Scrotal abscess (see image below) is an abscess that can be either superficial or intrascrotal. The etiology of superficial scrotal abscess is infected hair follicles and infections of scrotal lacerations or minor scrotal surgeries. An intrascrotal abscess most commonly arises from bacterial epididymitis, but may also be related to tuberculous infection of the epididymis, a testicular abscess that ruptures through the tunica albuginea, or drainage of appendicitis into scrotum through a patent processus vaginalis.
Scrotal abscesses can also occur as a result of extravasation of infected urine from the urethra in patients with a urethral stricture and neurogenic bladder using an external collection device.
Fournier gangrene (necrotizing fasciitis) is a gangrenous process that involves the external genitalia. It often arises from an infection involving the urinary tract or from direct extension from a perirectal source. See image below.
Photomicrograph of Fournier gangrene (necrotizing fasciitis), oil immersion at 1000X magnification. Note the acute inflammatory cells in the necrotic tissue. Bacteria are located in the haziness of their cytoplasm. Courtesy of Billie Fife, MD, and Thomas A. Santora, MD.
Individuals presenting with a scrotal abscess may have symptoms related to the etiology of the abscess such as symptoms of a urinary tract infection or sexually transmitted disease, such as frequency, urgency, dysuria, penile discharge. The diagnosis of a scrotal abscess is often made by history and physical examination. The scrotum is often erythematous and edematous. Scrotal fluctuance may be palpable. Tenderness of the affected epididymis and/or testis may be present. If epididymitis is the source of the abscess, the scrotal wall may be fixed to the underlying epididymis. Scrotal ultrasound is helpful in diagnosing an intrascrotal abscess when an inflammatory mass is present. Scrotal ultrasound can localize the involvement of the abscess to the scrotal wall, epididymis, and/or testis.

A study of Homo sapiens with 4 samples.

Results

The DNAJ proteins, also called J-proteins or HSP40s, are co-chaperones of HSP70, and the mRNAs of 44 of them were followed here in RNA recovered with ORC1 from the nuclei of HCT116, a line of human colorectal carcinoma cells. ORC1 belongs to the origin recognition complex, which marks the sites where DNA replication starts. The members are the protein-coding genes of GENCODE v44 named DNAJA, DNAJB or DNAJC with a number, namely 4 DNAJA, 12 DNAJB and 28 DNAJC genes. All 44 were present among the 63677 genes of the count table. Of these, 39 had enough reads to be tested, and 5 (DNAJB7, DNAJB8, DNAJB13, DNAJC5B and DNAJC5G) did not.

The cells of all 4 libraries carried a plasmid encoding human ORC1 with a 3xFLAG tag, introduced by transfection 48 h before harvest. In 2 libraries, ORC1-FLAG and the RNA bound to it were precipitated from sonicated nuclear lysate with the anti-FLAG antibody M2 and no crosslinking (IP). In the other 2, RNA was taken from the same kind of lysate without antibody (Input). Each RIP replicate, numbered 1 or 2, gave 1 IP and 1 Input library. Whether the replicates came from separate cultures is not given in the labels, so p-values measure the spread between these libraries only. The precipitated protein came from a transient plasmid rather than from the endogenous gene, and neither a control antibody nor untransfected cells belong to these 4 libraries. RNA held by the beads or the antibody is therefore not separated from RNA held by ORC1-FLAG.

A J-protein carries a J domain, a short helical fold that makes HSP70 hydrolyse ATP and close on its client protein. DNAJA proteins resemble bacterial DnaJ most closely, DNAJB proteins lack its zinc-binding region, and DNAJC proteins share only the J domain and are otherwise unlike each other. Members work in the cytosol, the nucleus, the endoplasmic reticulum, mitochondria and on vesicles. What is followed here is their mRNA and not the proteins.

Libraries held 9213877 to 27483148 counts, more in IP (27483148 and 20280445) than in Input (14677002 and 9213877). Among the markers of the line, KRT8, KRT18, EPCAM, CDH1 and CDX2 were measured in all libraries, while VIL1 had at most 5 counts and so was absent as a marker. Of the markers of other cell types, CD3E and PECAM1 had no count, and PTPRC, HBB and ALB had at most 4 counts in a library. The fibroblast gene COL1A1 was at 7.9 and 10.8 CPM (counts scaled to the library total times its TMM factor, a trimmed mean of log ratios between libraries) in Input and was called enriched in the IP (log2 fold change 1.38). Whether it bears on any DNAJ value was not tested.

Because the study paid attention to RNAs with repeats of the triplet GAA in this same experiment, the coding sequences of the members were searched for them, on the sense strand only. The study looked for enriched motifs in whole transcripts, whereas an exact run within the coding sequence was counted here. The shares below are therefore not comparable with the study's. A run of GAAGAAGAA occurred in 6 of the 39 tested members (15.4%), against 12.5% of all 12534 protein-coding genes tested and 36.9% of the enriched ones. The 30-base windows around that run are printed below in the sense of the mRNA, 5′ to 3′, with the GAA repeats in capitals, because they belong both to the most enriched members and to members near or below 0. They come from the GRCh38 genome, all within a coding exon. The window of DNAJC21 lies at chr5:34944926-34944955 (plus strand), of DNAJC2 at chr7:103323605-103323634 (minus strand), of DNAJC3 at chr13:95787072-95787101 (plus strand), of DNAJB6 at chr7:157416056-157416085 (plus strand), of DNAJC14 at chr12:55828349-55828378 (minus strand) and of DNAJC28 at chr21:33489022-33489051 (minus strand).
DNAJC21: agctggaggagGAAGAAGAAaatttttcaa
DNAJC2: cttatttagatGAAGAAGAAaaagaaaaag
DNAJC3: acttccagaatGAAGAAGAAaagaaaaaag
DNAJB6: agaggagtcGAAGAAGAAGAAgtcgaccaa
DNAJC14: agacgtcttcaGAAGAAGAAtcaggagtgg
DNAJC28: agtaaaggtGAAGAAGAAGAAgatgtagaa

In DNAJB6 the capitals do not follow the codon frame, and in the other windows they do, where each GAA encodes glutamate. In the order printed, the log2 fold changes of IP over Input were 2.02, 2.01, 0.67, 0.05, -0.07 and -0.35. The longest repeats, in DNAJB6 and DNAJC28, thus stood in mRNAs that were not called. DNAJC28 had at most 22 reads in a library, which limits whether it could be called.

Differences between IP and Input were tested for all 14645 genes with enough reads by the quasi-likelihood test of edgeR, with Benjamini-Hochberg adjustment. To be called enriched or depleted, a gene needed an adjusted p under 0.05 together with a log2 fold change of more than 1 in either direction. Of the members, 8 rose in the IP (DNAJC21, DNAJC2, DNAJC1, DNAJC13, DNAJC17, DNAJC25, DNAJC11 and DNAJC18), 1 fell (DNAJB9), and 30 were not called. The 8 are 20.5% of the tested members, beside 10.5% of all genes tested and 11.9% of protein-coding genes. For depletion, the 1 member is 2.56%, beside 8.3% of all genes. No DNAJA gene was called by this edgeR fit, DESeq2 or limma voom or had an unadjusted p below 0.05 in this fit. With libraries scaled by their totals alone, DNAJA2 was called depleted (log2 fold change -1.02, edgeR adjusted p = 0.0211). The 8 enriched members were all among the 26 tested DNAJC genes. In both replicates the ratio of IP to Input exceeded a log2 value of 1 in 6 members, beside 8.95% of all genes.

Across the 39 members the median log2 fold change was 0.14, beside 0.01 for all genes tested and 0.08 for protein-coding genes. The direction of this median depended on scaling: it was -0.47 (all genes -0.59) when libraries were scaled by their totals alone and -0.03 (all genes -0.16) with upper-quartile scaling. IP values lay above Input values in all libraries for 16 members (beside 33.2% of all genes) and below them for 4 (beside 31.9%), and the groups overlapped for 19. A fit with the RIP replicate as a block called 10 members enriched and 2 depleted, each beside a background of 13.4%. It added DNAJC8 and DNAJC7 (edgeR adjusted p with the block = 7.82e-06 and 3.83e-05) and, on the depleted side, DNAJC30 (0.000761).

The management of an intrascrotal abscess, regardless of the cause, requires surgical drainage (see image below). The abscess cavities must be opened and drained, including the testis if it is involved. The cavity should be left open and packed. Fournier gangrene (necrotizing fasciitis) requires prompt resuscitation and surgical exploration and debridement as well as aggressive antibiotics. Superficial abscesses also require incision and drainage but may be treated in the emergency room/at the bedside depending on the size of the abscess.
The patient depicted in this image is a man with alcoholism and known cirrhosis who presented with exquisite pain limited to the scrotum. The scrotum has been opened along the median raphe, which liberated foul-smelling brown purulence and exposed necrotic tissue throughout the mid scrotum. The testicles were not involved. Courtesy of Thomas A. Santora, MD.
No contraindications to the drainage of an intrascrotal abscess exist, outside of the patient being too ill to withstand surgery. Patients with Fournier gangrene (necrotizing fasciitis) require aggressive resuscitation and institution of broad-spectrum antibiotics at the time of identification and prompt surgical intervention.